May 16, 2018 - 5min read
As the price of solar energy falls, the number of building projects that incorporate solar panels into the design stage is increasing dramatically.
Just recently, California became the first state to make solar panels on all new homes obligatory, and this seems certain to drive innovation in making solar panels more of an aesthetic feature than a highly valuable afterthought.
Some architects have already taken giant leaps forward in designing buildings that seamlessly incorporate solar panels in ways that both optimise their energy generation and showcase their inherent beauty. Here are some of the most exciting examples.
This Parisian concert hall is designed by award-winning Japanese architect Shigeru Ban. The glass-encased auditorium at its centre is shielded by a sail-shaped, 800 square meter shield of solar panels that can rotate around the exterior to follow the path of the sun, generating solar power throughout the day while also shading the interior.
The Blauhaus is a zero emissions building covered from top to bottom in 337 blue-tinted solar panels that tilt depending on the angle of the sun for optimal solar power generation, and the structure is airtight in order to maximise energy efficiency. The photovoltaic cells supply all of the building’s electricity, saving 110 tonnes of CO2 per year. But the design is as much of an aesthetic statement as it is a practical one; the gently angular seesawing of the solar panels results in a visually striking exterior.
As electric vehicles increase in popularity, a question remains over how quickly the necessary infrastructure to support their widespread use can be deployed. Danish architects COBE seek to answer this question with their design for modular charging stations that can be assembled with relative ease, incorporating solar panels into the canopy to refuel cars with renewable energy, and trees into the spaces in between to create a relaxing space for drivers to wait while they recharge their batteries.
Carlo Ratti Associati architects are extremely innovative in their incorporation of sustainable technology into city spaces, an excellent example being their Sun&Shade system. A canopy made up of a number of mirrors mounted on a double-axis, they track the movement of the sun in order to reflect its rays onto an array of photovoltaic cells some distance away - cooling the area underneath and casting an intricately tessellated pattern of shadows onto the ground, all while generating solar power.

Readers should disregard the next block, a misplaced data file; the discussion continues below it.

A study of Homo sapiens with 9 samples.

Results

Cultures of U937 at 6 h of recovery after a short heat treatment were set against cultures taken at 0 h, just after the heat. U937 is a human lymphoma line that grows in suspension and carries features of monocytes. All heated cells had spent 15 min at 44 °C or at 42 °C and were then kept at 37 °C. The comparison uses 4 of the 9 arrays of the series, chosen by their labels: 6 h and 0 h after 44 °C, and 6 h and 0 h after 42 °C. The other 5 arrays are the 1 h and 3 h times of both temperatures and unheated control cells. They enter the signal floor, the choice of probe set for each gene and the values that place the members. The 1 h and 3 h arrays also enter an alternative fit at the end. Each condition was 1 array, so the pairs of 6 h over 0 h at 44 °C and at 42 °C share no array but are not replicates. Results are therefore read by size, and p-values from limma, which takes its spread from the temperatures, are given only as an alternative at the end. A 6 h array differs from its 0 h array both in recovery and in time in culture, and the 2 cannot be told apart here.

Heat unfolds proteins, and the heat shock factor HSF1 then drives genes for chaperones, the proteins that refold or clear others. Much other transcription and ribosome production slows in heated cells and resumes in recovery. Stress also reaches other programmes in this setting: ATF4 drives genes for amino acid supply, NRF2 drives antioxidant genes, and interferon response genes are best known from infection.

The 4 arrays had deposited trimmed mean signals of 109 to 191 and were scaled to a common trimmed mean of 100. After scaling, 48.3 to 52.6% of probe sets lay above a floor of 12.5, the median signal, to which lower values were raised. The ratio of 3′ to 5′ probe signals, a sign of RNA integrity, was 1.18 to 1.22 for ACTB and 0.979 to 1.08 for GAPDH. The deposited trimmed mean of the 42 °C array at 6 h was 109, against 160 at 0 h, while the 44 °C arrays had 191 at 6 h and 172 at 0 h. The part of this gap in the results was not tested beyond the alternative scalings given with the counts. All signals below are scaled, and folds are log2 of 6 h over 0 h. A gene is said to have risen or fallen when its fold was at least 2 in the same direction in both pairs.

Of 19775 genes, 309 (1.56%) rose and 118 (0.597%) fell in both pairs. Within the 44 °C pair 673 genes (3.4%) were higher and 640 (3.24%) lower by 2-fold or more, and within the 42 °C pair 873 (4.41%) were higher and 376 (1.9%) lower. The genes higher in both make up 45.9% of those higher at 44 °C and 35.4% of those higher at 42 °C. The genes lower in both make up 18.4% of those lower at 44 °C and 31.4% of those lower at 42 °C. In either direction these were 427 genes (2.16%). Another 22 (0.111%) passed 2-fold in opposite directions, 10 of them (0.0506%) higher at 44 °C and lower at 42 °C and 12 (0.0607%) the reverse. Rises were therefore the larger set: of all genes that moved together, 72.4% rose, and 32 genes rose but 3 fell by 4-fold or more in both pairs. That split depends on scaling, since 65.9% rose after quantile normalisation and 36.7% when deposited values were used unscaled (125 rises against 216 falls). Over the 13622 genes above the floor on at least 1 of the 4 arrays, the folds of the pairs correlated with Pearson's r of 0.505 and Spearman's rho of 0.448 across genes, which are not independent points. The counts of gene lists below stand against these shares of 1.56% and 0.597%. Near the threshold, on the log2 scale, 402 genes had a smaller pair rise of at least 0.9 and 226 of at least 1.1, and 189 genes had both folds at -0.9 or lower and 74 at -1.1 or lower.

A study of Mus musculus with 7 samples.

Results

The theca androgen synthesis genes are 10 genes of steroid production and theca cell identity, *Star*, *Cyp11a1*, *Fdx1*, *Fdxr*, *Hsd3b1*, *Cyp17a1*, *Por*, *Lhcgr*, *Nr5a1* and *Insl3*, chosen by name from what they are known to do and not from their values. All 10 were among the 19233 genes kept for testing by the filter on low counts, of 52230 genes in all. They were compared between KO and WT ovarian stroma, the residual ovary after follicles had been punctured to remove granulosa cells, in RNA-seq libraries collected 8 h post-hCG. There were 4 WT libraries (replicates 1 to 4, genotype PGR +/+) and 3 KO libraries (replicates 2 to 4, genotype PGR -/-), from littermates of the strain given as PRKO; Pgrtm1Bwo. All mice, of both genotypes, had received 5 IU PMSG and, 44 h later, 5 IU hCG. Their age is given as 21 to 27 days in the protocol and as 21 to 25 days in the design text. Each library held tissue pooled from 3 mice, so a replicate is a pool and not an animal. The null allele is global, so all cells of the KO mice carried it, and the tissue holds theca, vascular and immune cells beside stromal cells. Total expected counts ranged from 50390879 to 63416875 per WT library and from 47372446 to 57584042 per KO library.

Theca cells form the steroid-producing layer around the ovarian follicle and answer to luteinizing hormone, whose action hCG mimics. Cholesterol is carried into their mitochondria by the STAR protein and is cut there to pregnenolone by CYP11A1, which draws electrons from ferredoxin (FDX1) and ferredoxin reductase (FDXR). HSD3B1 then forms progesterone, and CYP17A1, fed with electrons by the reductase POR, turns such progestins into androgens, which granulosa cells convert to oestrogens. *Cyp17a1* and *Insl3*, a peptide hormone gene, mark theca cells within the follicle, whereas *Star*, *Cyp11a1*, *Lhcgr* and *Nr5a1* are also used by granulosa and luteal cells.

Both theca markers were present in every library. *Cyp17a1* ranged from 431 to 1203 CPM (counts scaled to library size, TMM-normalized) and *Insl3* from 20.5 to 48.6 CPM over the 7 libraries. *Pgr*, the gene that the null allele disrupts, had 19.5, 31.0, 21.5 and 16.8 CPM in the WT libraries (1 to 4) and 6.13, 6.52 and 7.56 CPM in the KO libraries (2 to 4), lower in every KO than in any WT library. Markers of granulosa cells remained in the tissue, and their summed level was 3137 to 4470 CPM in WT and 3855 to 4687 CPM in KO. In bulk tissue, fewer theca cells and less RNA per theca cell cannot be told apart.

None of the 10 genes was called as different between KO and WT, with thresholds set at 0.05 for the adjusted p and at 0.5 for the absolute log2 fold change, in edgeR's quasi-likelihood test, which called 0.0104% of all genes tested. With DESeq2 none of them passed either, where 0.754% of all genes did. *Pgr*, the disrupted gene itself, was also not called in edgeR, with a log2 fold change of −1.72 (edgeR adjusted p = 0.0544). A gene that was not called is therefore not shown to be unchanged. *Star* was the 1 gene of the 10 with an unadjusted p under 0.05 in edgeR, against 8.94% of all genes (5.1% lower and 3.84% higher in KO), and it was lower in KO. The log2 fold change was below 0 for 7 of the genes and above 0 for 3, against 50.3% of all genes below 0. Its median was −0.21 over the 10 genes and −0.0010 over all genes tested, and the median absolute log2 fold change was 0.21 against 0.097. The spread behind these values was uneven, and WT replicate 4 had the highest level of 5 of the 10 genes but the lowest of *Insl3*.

The Copenhagen International School designed by C.F. Møller architects is covered in 12,000 electric-blue coloured solar panels, each individually angled to create a mosaic-like facade that has the dual effect of being able to absorb the sun’s energy from a variety of positions. The 6,048 square meters of solar panels generates more than half of the school’s annual electricity consumption.
This octagonal house from Italian architect Roberto Rossi is balanced on a central pillar that allows it to rotate a full 360 degrees, providing an ever-changing panorama through the living room window as it points the solar panels on the roof at the sun throughout the day. Constructed by contractor ProTek, the house generates all of its own energy through the solar panels working in conjunction with a solar thermal system and a heat pump.
The odd one out, but no less beautiful for it, Gloucester Cathedral is the only building on this list not to be designed with solar panels in mind - hardly surprising given that it was built 1000 years ago. Now, thanks to Mypower solar installers, Gloucester Cathedral is the oldest building in the world to have been fitted with solar panels - 120 of them - and is emphatic proof that you can cut your electricity bill (by 25%, in the case of Gloucester Cathedral) without blighting your architecture. The Dean of Gloucester is happy with the installation too, and can be seen above, literally giving it his blessing.